Human Resource Professionals Try To Decide How To Handle Medical Marijuana In The Workplace

Posted March 29, 2019 by Mary McGinley

The majority of states across the US have approved the legalization of the use of cannabis in some form, or they are preparing to do so in the near future.  In an article by Joanne Deschenaux which appeared on the SHRM website, that still-contentious issue is now creating challenges for HR professionals.  According to federal statutes, marijuana or cannabis is still considered a controlled substance and is therefore illegal. Currently, 33 states have approved cannabis for medical use only while just 10 so far have approved it for recreational use.

Earlier this week, SHRM hosted its Society for Human Resource Management Employment Law & Legislative Conference in Alexandria, Virginia. One of the speakers at the event, Lauraine Bifulco, President of Vantaggio HR said that there is an erroneous notion in the workplace which allows those who have been approved for and who carry a medical marijuana identification card (MMID), to be under its influence even while on the job.

“This is wrong,” Bifulco said during her presentation. Employers are not legally required to accommodate workers who do use marijuana, even for medical purposes. Further, there are legal considerations for those businesses that do allow it.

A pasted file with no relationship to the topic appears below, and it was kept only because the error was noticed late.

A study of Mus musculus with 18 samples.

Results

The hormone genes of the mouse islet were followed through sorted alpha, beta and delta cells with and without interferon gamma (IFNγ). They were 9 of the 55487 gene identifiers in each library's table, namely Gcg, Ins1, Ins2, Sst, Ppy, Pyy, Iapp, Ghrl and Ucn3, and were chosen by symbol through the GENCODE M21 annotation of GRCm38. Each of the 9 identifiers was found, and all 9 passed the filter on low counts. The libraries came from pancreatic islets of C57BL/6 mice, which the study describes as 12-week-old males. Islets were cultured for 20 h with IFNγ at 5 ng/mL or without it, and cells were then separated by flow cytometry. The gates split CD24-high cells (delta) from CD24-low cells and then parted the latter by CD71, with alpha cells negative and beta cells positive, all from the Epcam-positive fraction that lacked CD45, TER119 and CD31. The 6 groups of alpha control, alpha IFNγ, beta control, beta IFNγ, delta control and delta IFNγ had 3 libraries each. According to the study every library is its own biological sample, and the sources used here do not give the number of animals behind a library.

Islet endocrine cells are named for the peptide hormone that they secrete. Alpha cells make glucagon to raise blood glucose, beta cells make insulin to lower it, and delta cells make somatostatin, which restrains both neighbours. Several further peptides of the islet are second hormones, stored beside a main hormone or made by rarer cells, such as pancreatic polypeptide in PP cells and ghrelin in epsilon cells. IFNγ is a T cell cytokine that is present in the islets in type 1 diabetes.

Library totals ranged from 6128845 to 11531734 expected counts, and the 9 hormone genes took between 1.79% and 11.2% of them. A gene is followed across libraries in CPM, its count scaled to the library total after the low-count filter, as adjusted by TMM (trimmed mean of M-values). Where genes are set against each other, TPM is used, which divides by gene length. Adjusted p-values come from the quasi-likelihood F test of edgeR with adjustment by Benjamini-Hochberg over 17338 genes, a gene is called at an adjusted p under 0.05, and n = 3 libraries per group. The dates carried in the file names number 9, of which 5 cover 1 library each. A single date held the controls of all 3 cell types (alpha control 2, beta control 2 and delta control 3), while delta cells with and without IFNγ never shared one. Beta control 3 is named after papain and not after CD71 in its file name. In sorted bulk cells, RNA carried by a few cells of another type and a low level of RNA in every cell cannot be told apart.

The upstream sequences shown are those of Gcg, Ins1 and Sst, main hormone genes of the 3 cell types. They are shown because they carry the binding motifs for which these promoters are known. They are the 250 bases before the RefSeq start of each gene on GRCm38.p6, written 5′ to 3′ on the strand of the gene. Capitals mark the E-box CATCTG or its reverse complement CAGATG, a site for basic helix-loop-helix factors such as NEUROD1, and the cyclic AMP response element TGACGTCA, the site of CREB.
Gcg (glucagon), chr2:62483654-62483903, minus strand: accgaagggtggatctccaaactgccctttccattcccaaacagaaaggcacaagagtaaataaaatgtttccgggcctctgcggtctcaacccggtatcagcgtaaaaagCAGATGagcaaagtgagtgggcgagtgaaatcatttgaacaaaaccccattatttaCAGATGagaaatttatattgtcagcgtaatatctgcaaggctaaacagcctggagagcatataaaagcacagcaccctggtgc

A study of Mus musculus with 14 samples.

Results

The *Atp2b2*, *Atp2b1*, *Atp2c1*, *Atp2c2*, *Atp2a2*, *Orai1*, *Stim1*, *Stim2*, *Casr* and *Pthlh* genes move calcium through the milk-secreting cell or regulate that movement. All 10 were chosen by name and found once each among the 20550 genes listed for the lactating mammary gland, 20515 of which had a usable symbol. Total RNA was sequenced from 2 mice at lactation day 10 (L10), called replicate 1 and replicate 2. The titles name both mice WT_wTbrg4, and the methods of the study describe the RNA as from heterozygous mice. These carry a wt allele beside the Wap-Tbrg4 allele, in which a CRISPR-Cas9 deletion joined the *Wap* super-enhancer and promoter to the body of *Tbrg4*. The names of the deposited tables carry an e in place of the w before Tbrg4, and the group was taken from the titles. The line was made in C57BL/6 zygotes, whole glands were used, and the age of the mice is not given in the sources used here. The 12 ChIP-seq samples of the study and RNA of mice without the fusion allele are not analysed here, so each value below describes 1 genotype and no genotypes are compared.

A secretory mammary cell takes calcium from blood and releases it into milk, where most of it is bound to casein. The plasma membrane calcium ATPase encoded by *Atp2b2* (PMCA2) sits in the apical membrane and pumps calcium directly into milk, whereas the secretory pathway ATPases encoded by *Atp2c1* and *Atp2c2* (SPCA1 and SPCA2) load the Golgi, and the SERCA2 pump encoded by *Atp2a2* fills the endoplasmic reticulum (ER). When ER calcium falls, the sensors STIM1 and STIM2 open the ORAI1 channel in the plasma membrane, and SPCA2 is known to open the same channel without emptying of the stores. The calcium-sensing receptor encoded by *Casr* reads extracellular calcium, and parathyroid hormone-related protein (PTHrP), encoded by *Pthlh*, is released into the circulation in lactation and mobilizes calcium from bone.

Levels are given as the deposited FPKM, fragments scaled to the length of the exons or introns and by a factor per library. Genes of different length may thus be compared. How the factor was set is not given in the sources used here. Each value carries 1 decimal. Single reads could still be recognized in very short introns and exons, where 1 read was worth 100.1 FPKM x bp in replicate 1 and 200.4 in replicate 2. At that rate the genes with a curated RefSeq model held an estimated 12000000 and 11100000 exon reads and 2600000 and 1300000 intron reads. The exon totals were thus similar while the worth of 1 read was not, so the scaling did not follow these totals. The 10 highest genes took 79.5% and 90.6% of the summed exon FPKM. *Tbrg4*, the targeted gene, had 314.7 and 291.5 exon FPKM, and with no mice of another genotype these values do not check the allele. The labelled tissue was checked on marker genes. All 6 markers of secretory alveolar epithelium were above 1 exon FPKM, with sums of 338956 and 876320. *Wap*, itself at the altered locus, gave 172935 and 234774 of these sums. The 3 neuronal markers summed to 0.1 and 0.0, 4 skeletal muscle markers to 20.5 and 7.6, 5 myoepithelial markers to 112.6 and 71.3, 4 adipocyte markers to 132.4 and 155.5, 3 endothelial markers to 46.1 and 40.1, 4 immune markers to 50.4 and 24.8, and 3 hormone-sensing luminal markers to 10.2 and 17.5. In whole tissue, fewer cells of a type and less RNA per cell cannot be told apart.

Currently, 13 states have passed legislation which prohibits employers from discriminating against workers who have an MMID card – even if a company has a strict drug-free policy in place. Federal law still says that marijuana use is illegal, regardless of what state statues may have been passed. Because of the prohibition at the federal level, the ADA or Americans with Disabilities Act does not include any mention of legalized cannabis use.

When asked whether an employer can fire a worker who has an MMID card, Bifulco, said, “Maybe.”

For the consideration of those organizations that are currently dealing with the issue, Bifulco cited some statistics at the beginning of her presentation:

  • There are now 1.2 million authorized users of cannabis or marijuana in the United States.
  • In the workplace, researchers have indicated that employees who used marijuana had an absenteeism rate of 75% higher than those who did not use the substance.
  • Employees who used cannabis were responsible for 55% more industrial accidents and had 85% more injuries on the job than those workers who tested negative for the use of the substance.

While cannabis use has become widely more accepted within our society, employers and HR professionals are still have many things to consider which surrounds the issue of marijuana use by workers.